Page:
Sagebrush is an indie game that came out late last year. You play an unknown character who drives out to an abandoned compound in New Mexico. The compound was the location of a cult that ended in a mass suicide. While there you pick up notes, listen to recordings, and generally try to discover what happened at the compound.
The gameplay is straight forward enough, this is a walking simulator. The compound is divided into a few areas, and you’ll have to work your way through them one by one to fill in all of the pieces of the puzzle. So one area will give you keys or other tools needed to open up the next, lather rinse repeat.
Now there is a rather straight forward approach to this game, and the result is you can beat it fairly quickly and easily. However, it really isn’t the way to play this game. There is a decent amount of exploring to be done and extras to find. Working your way through slowly and trying to pick up everything you can is for the best.
The story is not a happy one, although I don’t imagine anyone would think it would be. The story itself unfolds much like the gameplay. You start in one area, the beginnings of the cult, and as you move through the compound, you move through the story.
The story of the game is where it excels. It seems a lot of care was put into making a believable story of an unfolding horror. I think it could have been extended and more fleshed out, but what is there is well done.
The tone of the game is also well-executed. This is not a horror game, but I still felt uncomfortable playing it. It is dark (almost too dark actually), there is a strong foreboding sense that follows you. The game created an unsettling feeling that stuck with me from start to finish. In fact, I kept preparing for a jump scare that never came. I think this was a good choice, had the game been a horror game I think it could have been too cliché. Instead, it managed to be disconcerting and uncomfortable, but different.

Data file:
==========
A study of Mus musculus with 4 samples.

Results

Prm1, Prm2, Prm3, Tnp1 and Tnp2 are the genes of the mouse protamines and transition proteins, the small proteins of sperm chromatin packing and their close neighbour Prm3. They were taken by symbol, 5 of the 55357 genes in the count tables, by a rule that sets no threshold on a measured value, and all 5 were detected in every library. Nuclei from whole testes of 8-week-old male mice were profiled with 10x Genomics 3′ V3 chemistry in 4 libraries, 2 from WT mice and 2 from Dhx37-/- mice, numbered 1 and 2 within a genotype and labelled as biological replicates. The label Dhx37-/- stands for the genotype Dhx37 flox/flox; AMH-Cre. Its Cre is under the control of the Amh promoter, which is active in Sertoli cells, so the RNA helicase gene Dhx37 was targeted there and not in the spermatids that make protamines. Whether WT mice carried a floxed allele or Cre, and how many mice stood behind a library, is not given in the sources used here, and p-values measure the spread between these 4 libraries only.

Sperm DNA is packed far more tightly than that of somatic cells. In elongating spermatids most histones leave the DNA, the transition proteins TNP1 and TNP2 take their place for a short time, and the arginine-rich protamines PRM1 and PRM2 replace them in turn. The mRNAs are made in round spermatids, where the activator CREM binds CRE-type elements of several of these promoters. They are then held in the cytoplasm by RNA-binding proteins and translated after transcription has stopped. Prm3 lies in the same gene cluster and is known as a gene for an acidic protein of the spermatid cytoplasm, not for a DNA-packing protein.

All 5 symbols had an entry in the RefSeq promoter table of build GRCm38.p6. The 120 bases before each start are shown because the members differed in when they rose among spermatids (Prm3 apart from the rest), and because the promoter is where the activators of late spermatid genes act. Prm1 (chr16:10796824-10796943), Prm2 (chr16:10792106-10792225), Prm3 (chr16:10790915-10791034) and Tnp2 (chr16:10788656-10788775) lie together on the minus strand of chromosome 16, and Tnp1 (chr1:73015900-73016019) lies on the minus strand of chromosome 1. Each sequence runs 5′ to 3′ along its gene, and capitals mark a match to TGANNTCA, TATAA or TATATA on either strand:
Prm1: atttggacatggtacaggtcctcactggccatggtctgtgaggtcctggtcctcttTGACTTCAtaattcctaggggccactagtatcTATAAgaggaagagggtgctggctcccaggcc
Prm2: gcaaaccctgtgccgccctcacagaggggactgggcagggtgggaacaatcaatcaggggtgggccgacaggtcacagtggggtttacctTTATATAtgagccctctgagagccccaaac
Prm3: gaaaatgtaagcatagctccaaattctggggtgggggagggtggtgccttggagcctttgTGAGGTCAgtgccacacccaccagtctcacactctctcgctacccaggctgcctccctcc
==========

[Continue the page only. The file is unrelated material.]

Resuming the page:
The rest of the game, I am more on the fence. The audio is rather tricky for me, there isn’t a lot of it, and what’s there left me wondering. The best example is the doors. Doors automatically close behind you, and the sound is rather jarring when they do. It also doesn’t matter how close or far you are from a door when it closes, it will sound the same. At this point, I can’t honestly say if it was an accident or something intentionally put in. It certainly helped with my discomfort of the game because I never adjusted to it. However, the voice acting is well done.
Graphically it is also just a touch off. I think it was going for a stylistic look, sort of old school and pixelized, but went just a bit too much, so it feels less like a style and more like a limitation. It’s not bad to look at it, nor does it harm the experience, but it is worth noting.
In the end, this is the type of indie game I am likely to recommend. A lot of people have issues with walking simulators being called “games,” but there is enough working out how to advance that I think it might appeal to people. I think the story is compelling, and it’s a game worth supporting. It is short and doesn’t have a great deal of replayability, but if you like these types of games, it’s a good one. I am curious to see what the developer might bring in the future.